How I became a therapist
Some therapists remember that, from a very early age, other people somehow trusted them with their stories, asked them for advice, and sought them for comfort. It is as if they were naturally born to become therapists.
My experience was different. I have always been curious about what makes people who they are, about why people think, feel, or behave in the way they do. However, it took years of personal work and growth, to get to a place where I could start in this profession. In the meantime, I accumulated, processed, and went through life experiences that made me who I am today. Experiences of loss and separation, love and hate, harm and reparation, fear and hope, darkness and light, holding on and letting go.
Several years ago I decided to leave life as I knew it and move to the United States from Peru, where I grew up. I moved to attend graduate school and continue developing my career in the corporate world. Years later, I decided to start a new journey toward something I personally found more meaningful and rewarding. I decided to become a psychotherapist.
I do believe in change, in taking risks, and in personal growth. I believe that is what therapy is about. During our work together I will not ask you do something I have not done before, or wouldn't be willing to do. We will be in this together.
Who Do I Help?
I help adults who feel stuck, trapped, broken, or confused by their own thoughts, feelings, and behaviors. I help individuals of diverse backgrounds, sexual identities and orientations, relationship lifestyles, and life stages.
I work with people seeking help because they are experiencing a wide range of issues, including shame, anxiety, depression, irritability, loneliness, self-doubt, trauma, social anxiety, relationship issues, lack of passion, creative blocks, grief, codependency, low self-esteem, and compulsive behaviors.
Part of my work is focused on out-of-control sexual behavior, sometimes called sex addiction. I do not believe there is one single path to recovery, and my job is to help you go beyond the behaviors to understand what might be going on underneath. I do that from a sex-positive stance, making no judgements about your behaviors, preferences, or kinks.
I find that most people I see have experienced some form of trauma. Trauma does not require a big event happening in our life, but it can develop from a childhood marked by neglect, rejection, or abuse. This includes the experience of not being "seen" or accepted by our parents, having to pay more attention to our parents' needs than to our own, or receiving the message that our feelings were invalid or unimportant. As a result, we learn to hide, deny, or disavow parts of ourselves: feelings, thoughts, wishes, longings, preferences, identities, etc. My job is to help you reconnect with the parts of yourself that you learned to hide, and find new ways of being and relating.
My approach to therapy
My approach varies depending on each specific person, because everyone is different, but I come from a psychodynamic understanding of human nature. That means that I believe we are complex creatures, with many feelings, thoughts, conflicts, and wishes we may not be aware of. This also means that I believe healing happens in the context of the relationship people develop with their psychotherapist.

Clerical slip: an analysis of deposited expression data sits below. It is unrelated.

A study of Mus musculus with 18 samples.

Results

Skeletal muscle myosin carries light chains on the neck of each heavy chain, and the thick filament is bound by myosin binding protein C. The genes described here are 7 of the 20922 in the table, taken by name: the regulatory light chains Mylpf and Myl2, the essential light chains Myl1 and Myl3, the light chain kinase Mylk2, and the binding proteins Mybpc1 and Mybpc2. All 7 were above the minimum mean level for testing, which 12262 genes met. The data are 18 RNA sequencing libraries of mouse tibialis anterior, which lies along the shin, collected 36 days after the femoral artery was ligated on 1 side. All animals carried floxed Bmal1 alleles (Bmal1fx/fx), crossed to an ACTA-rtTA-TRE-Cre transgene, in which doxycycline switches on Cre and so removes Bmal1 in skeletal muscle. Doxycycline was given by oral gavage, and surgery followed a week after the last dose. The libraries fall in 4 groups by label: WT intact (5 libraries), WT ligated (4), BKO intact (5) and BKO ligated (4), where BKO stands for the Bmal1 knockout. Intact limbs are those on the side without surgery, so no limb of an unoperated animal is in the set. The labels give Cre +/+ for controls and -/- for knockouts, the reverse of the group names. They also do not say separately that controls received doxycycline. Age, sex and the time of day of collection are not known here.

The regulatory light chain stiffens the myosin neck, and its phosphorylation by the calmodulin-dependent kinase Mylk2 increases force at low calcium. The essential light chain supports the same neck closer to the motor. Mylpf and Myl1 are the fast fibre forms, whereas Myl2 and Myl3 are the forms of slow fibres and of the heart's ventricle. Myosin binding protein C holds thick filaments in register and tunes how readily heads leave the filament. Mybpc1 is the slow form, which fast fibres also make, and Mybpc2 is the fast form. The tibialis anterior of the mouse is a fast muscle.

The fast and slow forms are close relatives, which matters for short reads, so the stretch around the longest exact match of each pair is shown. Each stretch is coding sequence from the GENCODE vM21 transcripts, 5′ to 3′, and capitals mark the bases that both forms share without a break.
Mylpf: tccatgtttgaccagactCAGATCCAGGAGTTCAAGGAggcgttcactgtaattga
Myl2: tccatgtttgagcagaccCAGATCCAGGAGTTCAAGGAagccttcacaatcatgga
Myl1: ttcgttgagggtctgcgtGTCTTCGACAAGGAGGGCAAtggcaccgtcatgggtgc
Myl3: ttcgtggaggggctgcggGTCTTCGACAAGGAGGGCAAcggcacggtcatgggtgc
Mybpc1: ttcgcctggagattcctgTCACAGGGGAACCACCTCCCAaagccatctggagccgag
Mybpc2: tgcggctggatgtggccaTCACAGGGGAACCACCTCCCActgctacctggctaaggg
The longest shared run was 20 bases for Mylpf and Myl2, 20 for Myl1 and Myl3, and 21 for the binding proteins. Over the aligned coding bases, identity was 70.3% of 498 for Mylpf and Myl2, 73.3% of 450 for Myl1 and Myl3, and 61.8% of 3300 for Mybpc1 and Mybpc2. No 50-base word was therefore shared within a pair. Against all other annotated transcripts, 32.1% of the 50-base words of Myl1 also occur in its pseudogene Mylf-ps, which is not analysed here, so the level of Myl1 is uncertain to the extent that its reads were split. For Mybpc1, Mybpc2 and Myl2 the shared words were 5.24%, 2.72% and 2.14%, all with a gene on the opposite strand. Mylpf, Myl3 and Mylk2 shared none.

We have multiple layers so I try not to reduce the people I see to a diagnosis or a "condition." I am less interested in assigning people a label, than in learning about their personal experience, about their pain, fear, joy, hope, longings, and dreams. Therapy is about you. It is probably one of the few places where you can be yourself, free from expectations put on you by others.
I do not think therapy is about "fixing" or about changing something defective. I think it is about gaining self-awareness, understanding, acceptance, love, and growth. It is about getting to know yourself better, so that you can feel compassion for the feelings and experiences that made you who you are.
It is about discovering, facing, and learning to love parts of us that might be difficult, painful, or scary. It is about taking personal responsibility without feeling shame.
Psychotherapy is a long term journey, not a sprint race. I strive to be non-judgmental and accepting of every single part of the people I work with, to really see them and value them for who they are. I welcome all the feelings and thoughts they bring. There is nothing that cannot be talked about.
- Licensed Clinical Social Worker (Illinois)
- Specialist in Problematic Sexual Behavior, by the Society for the Advancement of Sexual Health
- Masters of Social Work (MSW) - Loyola University Chicago
- Masters of Business Administration (MBA) - University of Texas at Austin
- B.A. in Psychology - Pontificia Universidad Católica del Perú
Additional Training and Affiliations
- Program in Psychoanalytic Psychotherapy Chicago Center for Psychoanalysis
- Psychoanalytic Fellowship Chicago Center for Psychoanalysis
- Gottman Method Couples Therapy, Level 1 and 2 The Gottman Institute
- Multiple trainings, workshops and institutes American Group Psychotherapy Association
- Multiple trainings and Board Member Illinois Group Psychotherapy Society
- Staff member at Breakthrough Weekends for Men Victories - Transforming the Lives of Men
- Delboy, S. (2016). Attachment and Recovery: Combining 12-Step Programs and Group Psychotherapy to Treat Addiction. In: Revitalizing Our Social Group Work Heritage: A Bridge to the Future. (Read it here)
- Delboy, S. (2015). Evidence-based practice for sex addiction: A clinical case illustration. Sexual Addiction & Compulsivity. (Read it here)
- Korshak, S.J. & Delboy, S. (2013). Complementary modalities: Twelve step programs and group psychotherapy for addiction treatment. Group.